We are all leaders

Whether politics, community, work, or relationships, we are all looking for leadership. Inspiration. Action. Remedy. Intangible reasons for looking forward, and tangible possibility that tomorrow can be better than today because we ‘have the right people’. A supposably superior being who will make all things good, right, and working as we all imagine it should be.

Except that magical person doesn’t exist (although many try to stake that claim) because our definition of what leadership is, is rooted in biased individual values and prejudice. One person’s leader, is another person’s despot.

Humans are complicated combination locks, demanding others to understand us while we fail to understand ourselves.

We are meaning-making machines, and in our creative expression, we seek to organize ourselves and others into groups of ‘for’ and ‘against’. Our ideas and narratives are therefore constantly moving targets fueled by rules and stories about what is good, bad, right, wrong, real, and false. Without sides, scoring or ranking, it seems impossible for variation to exist and to be equally valuable.

We get so caught up fighting for our position at the table, that we fail to see that winter is coming and soon we stand to lose the lot.

I’m at a point in my life/career where I am faced with an incredible opportunity to transform and activate the lives of millions of people, and yet the ‘conversation’ occurs to me that it’s almost always about what others need to do, as opposed to what they as individuals can do.

Subsequently, I experience very high levels of resignation, helplessness, and fear-based action in my work which then perpetuates the vicious cycle of people being ineffective and feeling powerless. Everyone has their finger pointed elsewhere, and are intelligent enough to use words powerfully to justify their accusations, all the while forfeiting their responsibility to the situation.

They can’t see their own blind spots. They act confused, afraid, and frustrated. Not because they want to be, but because they have become so good at being this way, it’s all they know that is possible. They’ve lost sight that they have the choice to choose differently, and situations are seen as problems to fix or change, rather than as opportunities to invent and create something new. Other people are viewed as in the way, rather than on the way, and a choice is then made to divide and conquer, rather than create, inspire and transform.

It’s much easier to smash things and pick up the pieces than to painstakingly imagine, create, shape, and nurture. One requires emotional outburst and creating noise disguised as work, the other requires discipline, patience, and determination.

When faced with myriad personalities, I force myself to stop and listen harder. To catch myself when judging others, to shelve my desire to be right, and instead absorb the humanity of the person in front of me. It’s with this space to listen that I almost always see them fully. Their fears, their hopes, their skill, and their noise. Their nakedness. I try to search for what drives them instead of what doesn’t agree with me.

I haven’t met a person yet who didn’t want to have a great life, but wasn’t also afraid of something or held doubts about themselves. Everyone I’ve ever met wanted to make someone proud, to feel happy, to enjoy what life has to offer, and to be respected and effective amongst their peers and in their community. They wanted to be loved, wanted to contribute in a valuable way, and wanted to have enough room to explore the world in their own way.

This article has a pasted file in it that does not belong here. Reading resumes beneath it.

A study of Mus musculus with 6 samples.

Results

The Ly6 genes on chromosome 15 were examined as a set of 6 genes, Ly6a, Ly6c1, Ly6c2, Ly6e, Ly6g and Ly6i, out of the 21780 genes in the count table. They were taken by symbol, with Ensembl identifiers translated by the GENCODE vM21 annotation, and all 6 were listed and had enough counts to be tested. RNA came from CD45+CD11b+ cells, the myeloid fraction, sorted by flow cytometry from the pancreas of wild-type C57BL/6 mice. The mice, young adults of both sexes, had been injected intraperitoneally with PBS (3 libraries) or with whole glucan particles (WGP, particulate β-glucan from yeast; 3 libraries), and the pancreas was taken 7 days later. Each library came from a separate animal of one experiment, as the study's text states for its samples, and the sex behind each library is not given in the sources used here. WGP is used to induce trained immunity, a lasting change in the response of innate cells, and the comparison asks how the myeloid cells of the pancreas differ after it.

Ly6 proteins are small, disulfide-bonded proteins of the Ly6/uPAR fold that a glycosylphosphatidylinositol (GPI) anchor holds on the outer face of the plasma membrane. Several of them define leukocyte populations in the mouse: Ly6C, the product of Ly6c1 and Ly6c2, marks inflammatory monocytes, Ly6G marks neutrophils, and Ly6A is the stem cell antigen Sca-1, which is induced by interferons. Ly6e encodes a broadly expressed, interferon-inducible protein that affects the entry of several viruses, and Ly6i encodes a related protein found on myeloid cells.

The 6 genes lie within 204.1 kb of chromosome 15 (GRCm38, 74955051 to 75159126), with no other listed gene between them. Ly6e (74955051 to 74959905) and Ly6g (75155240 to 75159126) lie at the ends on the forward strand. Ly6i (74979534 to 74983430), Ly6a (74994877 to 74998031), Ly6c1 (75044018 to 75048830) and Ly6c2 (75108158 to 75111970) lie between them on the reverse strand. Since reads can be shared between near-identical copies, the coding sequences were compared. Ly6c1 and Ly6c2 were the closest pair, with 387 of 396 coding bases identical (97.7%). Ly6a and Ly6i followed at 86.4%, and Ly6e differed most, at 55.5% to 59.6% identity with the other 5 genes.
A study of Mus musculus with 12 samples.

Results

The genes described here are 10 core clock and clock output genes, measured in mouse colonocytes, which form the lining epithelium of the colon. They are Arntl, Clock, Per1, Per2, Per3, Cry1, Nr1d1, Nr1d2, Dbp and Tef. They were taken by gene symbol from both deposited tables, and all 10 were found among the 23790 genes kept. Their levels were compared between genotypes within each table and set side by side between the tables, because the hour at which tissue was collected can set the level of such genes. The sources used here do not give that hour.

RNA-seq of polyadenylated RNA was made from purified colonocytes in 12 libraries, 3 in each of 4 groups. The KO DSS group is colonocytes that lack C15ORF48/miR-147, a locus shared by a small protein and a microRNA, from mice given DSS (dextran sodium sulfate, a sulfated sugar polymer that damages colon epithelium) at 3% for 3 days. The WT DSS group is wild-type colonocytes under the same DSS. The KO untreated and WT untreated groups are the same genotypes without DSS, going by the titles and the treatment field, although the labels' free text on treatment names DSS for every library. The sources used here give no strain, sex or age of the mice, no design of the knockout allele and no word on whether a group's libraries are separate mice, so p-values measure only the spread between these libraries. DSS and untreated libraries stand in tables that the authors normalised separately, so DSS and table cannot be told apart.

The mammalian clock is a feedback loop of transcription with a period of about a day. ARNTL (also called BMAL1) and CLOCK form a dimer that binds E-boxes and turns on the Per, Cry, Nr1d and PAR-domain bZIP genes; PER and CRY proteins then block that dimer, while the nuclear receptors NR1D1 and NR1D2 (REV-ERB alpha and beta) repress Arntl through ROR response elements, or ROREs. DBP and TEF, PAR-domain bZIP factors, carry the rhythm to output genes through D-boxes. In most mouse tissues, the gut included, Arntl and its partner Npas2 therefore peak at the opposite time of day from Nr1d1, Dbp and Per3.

Regardless of how they go about it, their desire to live a powerful and meaningful life is exactly the same. No-one wakes up wanting to have a shit day, to feel helpless, to be forgotten, or to fail. All that differs is what they think they must do in order to fulfill upon what they value.

And yet, the distinction that gets quickly dismissed by fully grown adults is that ‘things are the way they are, because we choose them to be.’ Instead, this thinking is seen as a platitude grounded in mystical woo-woo, while the ‘real reality’ is struggle, pain, and torture.

When you realise just how many people feel trapped and stuck by this thinking, that’s when you can fathom the scope of our communal psychology and the results it creates.

Culture starts as individuals, who then form groups, who then build communities, and then shape societies with rules, habits, and beliefs. While it may seem like the world is death by a million paper cuts – seemingly unimportant little tiny strokes – at some point a ‘last’ paper cut occurs before everything erupts.

Our words, actions, thoughts, beliefs, and activities are tiny paper cuts. We are all complicit by what we perpetuate, what we judge by, what we share, what we don’t share, and what we justify. There is no black and white, only shades of grey. The nuance is the meaning.

I believe it’s possible for people to feel comfortable and confident enough to step back, to think some more, to re-evaluate, to consider something new, to try something different, and to allow different modalities to co-exist in the company of their own.

I believe it’s possible that people can become present to the concept of choice in order to take full ownership of who they choose to be rather than feel helpless of all the things seemingly imposed on them.

To do that however requires a willingness to invent instead of blaming in order to destroy. It demands that we see every breakdown as an opportunity to transform instead of something to fix with bandaids and mud.

It requires people being willing to grow. To give less answers and ask more thoughtful questions. To try. To try again without the resentment of past failures. To not give up so easily. To want it so badly that we don’t look to others as saviors and saving graces, but to be the very leaders we demand of others.

We are all leading even when we choose to follow.